WASHINGTON D.C. - Former President Fidel V. Ramos warned yesterday against raising tensions in the South China Sea and urged President Aquino to be more consistent in his dealings with China and the United States.
“The force which is being applied one against the other and continues to escalate should not be identified with the no. 1 and no. 2 superpower,” he told Fil-Am newsmen at the Philippine Embassy. He chided President Aquino for not moving more quickly to engage China in “serious bargaining."
“As early as March, our President was already invited by China to make a state visit by President Hu Jintao. A statement was made by the presidential spokesman – maybe in May. As May was approaching, they said maybe by the end of the year. Let’s not hesitate when it comes to being invited by the superpowers; if the invitation comes from here (US) we jump right away,” Ramos said.
Ramos and military officials here concede the Philippine military has lagged so far behind not only China but the rest of the Southeast Asian region that it has no choice but to make diplomacy “the country’s first and even second line of defense."
Brig. Gen. Cesar Yano, the country’s defense attaché in Washington DC, said they are in the process of revising a “very long wish list” submitted to the Pentagon to reflect current defense needs. He said greater focus is being given to the Philippine Navy, which recently took delivery of a Hamilton-class all-weather cutter in California – rechristened the BRP Gregorio del Pilar – that’s scheduled to be commissioned in Manila in July.
Eight other Hamilton-class cutters are scheduled to be retired this year and Philippine Ambassador Jose Cuisia Jr. indicated they may try to get one more but admitted other US allies are also bidding for the ships. When finally pressed into service, the Gregorio del Pilar will be the biggest ship in the Philippine Navy Fleet.
The Philippines is also interested in long-range maritime patrol planes, radars and other remote sensing equipment, and multi-role aircraft and helicopters.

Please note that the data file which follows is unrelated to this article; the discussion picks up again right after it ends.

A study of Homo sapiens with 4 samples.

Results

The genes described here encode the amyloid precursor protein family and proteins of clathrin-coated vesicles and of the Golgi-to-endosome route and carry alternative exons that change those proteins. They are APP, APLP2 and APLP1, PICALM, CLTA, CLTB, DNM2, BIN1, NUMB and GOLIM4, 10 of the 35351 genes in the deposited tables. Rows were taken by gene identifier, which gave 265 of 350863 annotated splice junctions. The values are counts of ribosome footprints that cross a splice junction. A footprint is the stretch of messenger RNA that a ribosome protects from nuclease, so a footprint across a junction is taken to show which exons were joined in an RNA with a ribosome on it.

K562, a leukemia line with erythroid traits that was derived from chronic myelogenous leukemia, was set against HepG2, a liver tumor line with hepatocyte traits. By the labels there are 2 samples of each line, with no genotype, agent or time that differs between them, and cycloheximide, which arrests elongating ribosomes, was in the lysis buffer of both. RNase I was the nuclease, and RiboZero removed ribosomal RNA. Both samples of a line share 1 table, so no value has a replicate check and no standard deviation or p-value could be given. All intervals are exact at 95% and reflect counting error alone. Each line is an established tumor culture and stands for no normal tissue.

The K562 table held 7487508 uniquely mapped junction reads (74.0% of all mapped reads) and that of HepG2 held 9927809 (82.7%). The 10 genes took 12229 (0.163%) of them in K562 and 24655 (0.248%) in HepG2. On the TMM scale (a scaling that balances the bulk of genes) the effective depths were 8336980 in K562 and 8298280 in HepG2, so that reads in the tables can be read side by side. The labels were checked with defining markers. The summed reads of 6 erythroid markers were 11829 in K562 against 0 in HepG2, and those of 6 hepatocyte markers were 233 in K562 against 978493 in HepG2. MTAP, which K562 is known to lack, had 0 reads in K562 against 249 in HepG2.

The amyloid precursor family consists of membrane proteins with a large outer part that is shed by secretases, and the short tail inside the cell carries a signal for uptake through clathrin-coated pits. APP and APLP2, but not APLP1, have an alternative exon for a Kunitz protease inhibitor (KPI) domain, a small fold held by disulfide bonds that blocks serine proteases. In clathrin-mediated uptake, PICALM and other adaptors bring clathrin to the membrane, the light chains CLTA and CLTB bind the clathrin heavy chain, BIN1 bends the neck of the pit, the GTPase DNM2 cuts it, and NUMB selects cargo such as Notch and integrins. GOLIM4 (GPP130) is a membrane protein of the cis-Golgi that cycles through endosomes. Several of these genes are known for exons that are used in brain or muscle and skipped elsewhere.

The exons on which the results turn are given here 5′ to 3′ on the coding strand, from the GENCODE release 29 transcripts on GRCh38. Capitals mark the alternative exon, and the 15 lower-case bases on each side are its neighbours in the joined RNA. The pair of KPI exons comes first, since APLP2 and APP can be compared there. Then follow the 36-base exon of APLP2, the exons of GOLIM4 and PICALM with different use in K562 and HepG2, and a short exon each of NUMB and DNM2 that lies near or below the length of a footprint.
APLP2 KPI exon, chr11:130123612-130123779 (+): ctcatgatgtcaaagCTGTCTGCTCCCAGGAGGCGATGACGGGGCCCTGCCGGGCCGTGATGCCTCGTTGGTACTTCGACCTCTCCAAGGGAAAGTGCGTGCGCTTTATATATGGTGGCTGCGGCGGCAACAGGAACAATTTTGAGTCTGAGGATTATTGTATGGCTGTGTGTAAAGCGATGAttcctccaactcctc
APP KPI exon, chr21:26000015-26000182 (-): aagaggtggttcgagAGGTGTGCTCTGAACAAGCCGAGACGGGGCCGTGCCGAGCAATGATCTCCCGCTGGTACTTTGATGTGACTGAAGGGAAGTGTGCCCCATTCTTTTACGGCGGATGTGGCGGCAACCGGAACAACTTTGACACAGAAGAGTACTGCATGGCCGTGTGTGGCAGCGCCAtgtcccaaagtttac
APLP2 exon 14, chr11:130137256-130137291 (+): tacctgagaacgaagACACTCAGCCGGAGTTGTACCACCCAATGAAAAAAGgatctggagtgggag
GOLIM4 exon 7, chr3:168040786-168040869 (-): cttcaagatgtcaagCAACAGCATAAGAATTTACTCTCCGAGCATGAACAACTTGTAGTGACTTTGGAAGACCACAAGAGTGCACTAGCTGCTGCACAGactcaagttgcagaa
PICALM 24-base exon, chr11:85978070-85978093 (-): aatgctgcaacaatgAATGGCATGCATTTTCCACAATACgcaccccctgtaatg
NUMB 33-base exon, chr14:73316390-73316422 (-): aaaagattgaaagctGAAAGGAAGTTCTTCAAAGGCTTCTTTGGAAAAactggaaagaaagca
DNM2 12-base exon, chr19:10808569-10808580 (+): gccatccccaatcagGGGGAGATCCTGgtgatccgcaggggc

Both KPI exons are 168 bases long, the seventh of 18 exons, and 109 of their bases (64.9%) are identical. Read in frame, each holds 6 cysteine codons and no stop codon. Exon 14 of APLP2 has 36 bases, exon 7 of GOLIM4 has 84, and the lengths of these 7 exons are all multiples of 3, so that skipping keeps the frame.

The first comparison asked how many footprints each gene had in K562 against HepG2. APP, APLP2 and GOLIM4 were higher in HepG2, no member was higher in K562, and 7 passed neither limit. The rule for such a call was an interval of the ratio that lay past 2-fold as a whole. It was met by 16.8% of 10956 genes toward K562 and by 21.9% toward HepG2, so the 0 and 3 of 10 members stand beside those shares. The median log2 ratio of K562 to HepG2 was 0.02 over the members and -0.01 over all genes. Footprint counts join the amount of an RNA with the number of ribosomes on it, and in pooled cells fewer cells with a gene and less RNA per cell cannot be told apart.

But Yano explained the country can only seek weapons systems that the military can afford to maintain and operate. "Ultimately, we have to be able to afford having all these modern weapons," he said.
President Aquino had warned Tuesday that tensions over the Spratly Islands could heighten the arms race in the region. “When we have these incidents, does it not promote an arms race within the region? And when there is an arms race, does not the potential for conflict increase?” he asked Chinese Defense Minister Liang Guanglie in Manila.
Ramos, in espousing a “diplomatic build-up” rather than the ratcheting up of a military response, said President Aquino should be driven by the consistency of results from dialogue with Chinese leaders.
“We have to increase and improve the quality of the relationship,” he declared.
“Our leaders in the Philippines and in the ASEAN should get into candid discussions with leaders in the neighborhood, especially China and the US. Our leaders can go now into some hard bargaining so that peace and prosperity can really happen,” Ramos said.
Last March, the Philippines lodged a protest with China and the United Nations after Chinese patrol boats had harassed a Philippine oil exploration vessel in disputed in the Spratly Islands. Last week, two fighter jets reportedly buzzed two Philippine Air Force patrol planes near a part of the disputed isles closer to Palawan province.
Armed Forces of the Philippines (AFP) chief Gen. Eduardo Oban also admitted that China has built structures on seven different islands, six of which was within the area claimed by the Philippines.
Ramos said that in his private meetings with ranking Chinese leaders, he continued to press for implementation of the Code of Conduct in the South China Sea that centers on the peaceful resolution of conflicts and the shared exploration and exploitation of natural resources. He said that before stepping down in 1998, he had proposed turning the South China Sea into a demilitarized zone but the idea never prospered.